How to integrate usability testing into Agile

Agile is a development methodology the goal of which is to reduce the amount of overhead required to get projects done and to empower team members to decide how the work gets done. It can be challenging to fit a customer-centered design process into Agile. This article won’t be a detailed evaluation of UX and Agile but instead will focus on how to integrate one aspect of the UX development process - usability testing - into Agile.

I have been on teams using Agile for about seven years now. Previously, development was done in a Waterfall fashion, where everything is sequential (similar to building a house). Agile accommodates an iterative approach to development, where pieces of work can be estimated and built separate from the whole, and revisited later if necessary. This is great from an engineering perspective but can pose real challenges for design. Using the house analogy, how do you ensure the end result looks like a house if you may be building a bathroom first, as opposed to the foundation? From my experience my best advice is to ensure there is a phase before the first sprint (a sprint is a collection of tasks a team commits to completing during a fixed amount of time) where design related activities take place with the goal of creating the framework for “the house” so at least it looks and works like a house. This phase can be called Sprint 0. The activities conducted during Sprint 0 will vary from project to project. Assuming it’s a fairly large project you may include some collaborative activities with your team like brainstorming all the features you may need. You may also sketch many ideas and usability test those ideas in order to whittle them down to a couple for further testing. At the end of Sprint 0 you should have enough of a framework for the design that user stories can be created and the engineering team can start estimating the work. Later, moving a sprint ahead of engineering, you can refine aspects of the design to be included in the following sprint.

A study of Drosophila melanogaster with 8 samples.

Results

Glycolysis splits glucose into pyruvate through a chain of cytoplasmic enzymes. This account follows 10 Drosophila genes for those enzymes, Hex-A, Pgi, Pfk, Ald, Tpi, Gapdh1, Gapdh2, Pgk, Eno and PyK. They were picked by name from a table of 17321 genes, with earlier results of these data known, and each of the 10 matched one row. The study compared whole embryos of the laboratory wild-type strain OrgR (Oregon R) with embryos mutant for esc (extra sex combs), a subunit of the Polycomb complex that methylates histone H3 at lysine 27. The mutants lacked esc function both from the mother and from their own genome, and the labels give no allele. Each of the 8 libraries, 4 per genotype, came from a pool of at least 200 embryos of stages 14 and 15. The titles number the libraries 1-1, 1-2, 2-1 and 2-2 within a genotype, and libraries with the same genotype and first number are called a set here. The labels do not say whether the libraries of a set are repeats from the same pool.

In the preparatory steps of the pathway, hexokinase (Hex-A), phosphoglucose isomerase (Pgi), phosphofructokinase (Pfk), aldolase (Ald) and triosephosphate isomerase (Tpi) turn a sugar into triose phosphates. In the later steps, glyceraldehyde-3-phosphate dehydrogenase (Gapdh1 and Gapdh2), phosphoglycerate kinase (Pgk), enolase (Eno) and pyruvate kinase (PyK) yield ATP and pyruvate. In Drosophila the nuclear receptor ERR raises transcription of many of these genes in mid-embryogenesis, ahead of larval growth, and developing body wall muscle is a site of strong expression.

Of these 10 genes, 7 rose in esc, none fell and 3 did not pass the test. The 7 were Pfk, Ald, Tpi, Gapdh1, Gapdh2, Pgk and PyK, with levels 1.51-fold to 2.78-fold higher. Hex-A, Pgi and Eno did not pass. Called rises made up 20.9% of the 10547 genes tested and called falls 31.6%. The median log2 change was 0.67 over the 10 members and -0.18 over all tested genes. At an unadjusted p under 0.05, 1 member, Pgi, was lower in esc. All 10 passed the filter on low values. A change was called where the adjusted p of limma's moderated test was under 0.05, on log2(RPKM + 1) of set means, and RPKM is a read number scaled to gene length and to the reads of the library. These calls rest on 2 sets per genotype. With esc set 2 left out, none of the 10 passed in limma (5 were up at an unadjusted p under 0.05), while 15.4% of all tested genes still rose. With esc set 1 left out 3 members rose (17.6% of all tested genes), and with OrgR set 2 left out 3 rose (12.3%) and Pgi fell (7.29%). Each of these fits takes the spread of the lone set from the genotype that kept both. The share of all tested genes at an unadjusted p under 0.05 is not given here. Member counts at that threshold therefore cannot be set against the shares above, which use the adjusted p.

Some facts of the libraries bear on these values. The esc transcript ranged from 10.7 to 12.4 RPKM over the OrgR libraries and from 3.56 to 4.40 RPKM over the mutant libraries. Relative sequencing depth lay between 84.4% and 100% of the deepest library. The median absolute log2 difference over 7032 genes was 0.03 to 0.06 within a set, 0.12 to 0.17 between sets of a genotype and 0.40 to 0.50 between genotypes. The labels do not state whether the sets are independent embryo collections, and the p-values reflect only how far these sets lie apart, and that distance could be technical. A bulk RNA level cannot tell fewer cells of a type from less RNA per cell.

It may be helpful to give you a brief example: I recently completed a project for a site redesign. The original site had separate desktop and mobile sites and was going to replatform to a single responsive website. The Sprint 0 phase lasted approximately 6 weeks. That time period included collaborative design sessions, wireframing, design reviews, and 4 usability studies for both desktop and mobile. The usability studies all used interactive wireframes (no engineering necessary) and tested the end-to-end workflow, paying special attention to one of the steps. The only way I was able to do both the design work AND conduct 4 usability studies was to do remote unmoderated testing. This means the participants can be anywhere in the country, and you don’t get an opportunity to ask questions in real time. Back in the days of Waterfall, the “usability phase” was a process-heavy procedure. Recruiting could take up to two weeks, with a week of in-person moderated testing, followed by a week of analysis. Though it has some advantages in the richness of the resulting data, it is definitely not a “lean” process. We need to move faster and be able to conduct quick usability today to help inform tomorrow’s design work.

Once the engineering sprints begin it may be difficult to conduct usability. It’s simply a question of logistics: typically sprints run in two week increments (though this can vary by team or project). If you are working a sprint ahead to finalize portions of the design, you may not have a window to conduct a usability study. If you can figure out how to do it, great. It can only help. But don’t count on it always being the case.
I do recommend that after launch you conduct a usability study of the live system. The goal of this study is to benchmark the current design and have an artifact from which to start later design iterations.





About the author:

Warren Croce
Principal UX Designer at Gazelle
Principal at Warren Croce Design
Boston, Massachusetts, USA

Warren gets great satisfaction from knowing that he can help people through design. He believes customer empathy and a desire to simplify are two of the most important traits that a designer must possess. Warren received his BFA in Communication Design from Pratt Institute in 1990 and has been designing professionally ever since. He spent over twelve years at Intuit, most recently as Principal Designer and Team Manager for a team of eleven designers, usability engineers, and writers. Warren joined Gazelle in 2014, where he is responsible for the user experience of both the Trade-In and Direct Store sites. Previously, he worked as an independent consultant for two years. Warren has recently begun offering free, in-person, UX-design mentoring to small groups. He is also a fine artist with a studio in Boston.